Trip Start May 22, 2009
197Trip End Feb 16, 2010
Time to move on. What about the bikes? Can we take them on the bus? Whenever I mentioned the bikes, all he would say was 'problem, problem' over and over again. Then rhyme off the bus stops with different times while pointing to his legs...I couldn't figure out the problem. We would lift the bikes into the storage compartment. These are monster buses with enormous storage capacity. After much frustration and a few too many 'problem, problems', I decided to hang his 'problem' and buy the tickets anyways. We'd deal with the 'problem' in the morning.
Seems that buying the tickets and not camping was a very fortuitous move. All through the night it pissed rain and the morning showed no sign of stopping. Even the 250m to the otogar was far enough to soak us.
Turns out that we boarded a minibus first which would then take us to a larger station. This was a bit o a 'problem' since our luggage took up the majority of the van. Good thing there was only one other passenger and we could heap bags up on the seats and by the door.
Arriving at the other station, our bikes and bags were quickly whisked away by the multitude of workers and stashed under the bus without a word of a 'problem' whatsoever!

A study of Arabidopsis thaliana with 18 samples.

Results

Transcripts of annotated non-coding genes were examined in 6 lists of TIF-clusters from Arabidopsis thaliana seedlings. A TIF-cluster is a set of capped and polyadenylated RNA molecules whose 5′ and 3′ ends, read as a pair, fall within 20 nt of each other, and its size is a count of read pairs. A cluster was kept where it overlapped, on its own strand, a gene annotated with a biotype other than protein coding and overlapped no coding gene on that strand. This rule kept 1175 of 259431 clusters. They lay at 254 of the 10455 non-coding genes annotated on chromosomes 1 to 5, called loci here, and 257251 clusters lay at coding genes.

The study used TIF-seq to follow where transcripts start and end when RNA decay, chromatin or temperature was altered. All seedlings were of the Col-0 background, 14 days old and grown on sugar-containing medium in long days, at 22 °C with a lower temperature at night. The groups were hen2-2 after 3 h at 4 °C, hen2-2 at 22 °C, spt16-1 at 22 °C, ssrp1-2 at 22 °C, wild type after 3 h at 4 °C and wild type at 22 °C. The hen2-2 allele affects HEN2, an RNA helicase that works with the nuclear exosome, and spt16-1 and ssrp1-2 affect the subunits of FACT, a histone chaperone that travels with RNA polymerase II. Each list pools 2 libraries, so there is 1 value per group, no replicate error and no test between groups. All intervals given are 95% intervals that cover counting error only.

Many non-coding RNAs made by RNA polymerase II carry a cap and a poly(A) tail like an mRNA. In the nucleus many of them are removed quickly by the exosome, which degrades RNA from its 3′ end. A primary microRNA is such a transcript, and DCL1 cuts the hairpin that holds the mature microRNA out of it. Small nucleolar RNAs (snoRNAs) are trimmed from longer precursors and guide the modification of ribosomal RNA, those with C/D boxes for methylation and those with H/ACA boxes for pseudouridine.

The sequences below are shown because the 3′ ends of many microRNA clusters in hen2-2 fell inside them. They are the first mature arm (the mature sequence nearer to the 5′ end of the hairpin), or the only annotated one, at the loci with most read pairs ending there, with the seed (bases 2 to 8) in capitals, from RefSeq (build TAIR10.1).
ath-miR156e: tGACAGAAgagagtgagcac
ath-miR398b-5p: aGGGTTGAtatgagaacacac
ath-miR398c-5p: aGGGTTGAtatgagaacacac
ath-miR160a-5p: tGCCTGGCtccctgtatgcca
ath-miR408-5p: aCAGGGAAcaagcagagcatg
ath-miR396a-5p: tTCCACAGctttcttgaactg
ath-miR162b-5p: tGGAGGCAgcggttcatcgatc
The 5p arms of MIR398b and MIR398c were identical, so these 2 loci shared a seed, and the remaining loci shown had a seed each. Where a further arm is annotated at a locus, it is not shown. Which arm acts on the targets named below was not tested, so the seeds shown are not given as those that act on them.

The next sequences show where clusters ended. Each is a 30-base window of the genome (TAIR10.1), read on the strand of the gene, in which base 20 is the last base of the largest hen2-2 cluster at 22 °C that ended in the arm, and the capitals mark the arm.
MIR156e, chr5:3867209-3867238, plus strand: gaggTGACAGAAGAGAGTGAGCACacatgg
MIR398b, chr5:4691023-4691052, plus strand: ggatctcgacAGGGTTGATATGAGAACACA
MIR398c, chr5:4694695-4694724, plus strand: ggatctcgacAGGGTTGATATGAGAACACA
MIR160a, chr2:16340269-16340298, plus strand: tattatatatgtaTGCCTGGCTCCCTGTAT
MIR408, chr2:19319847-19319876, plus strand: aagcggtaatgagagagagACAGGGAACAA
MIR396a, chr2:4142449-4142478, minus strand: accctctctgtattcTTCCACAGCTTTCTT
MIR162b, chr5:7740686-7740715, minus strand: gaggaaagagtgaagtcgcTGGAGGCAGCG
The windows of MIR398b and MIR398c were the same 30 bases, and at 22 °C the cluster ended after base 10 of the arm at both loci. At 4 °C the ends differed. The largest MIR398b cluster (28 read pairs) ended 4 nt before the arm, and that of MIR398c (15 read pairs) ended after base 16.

We were quickly seated in comfy chairs and served hot tea by a waiter in a bow tie and vest! Bus service takes on a whole new dimension here!
As we drove along I started to get an inkling as to the 'problem' annoying-english-guy was talking about. Whenever I'd pointed to my picture of the bikes to see if we could take them on the bus, he must have thought I was talking about cycling rather than busing. 'Problem, problem' while pointing at his legs and trying to describe the long hard ride that would have been ahead of us.
Directly at the edge of town there were signs stating the start of a 7km hill rising up out of the town. Ouch! That was one of many, many we passed today. Hard cycling at the best of times. Absolutely miserable in the pissing rain. What would have taken maybe 4 days of pain, we finished in about 4 hrs of comfort.
Brian must have been feeling better about our mode of transportation today. With his steaming cup of cay he toasted the hardest hills we've cycled yet.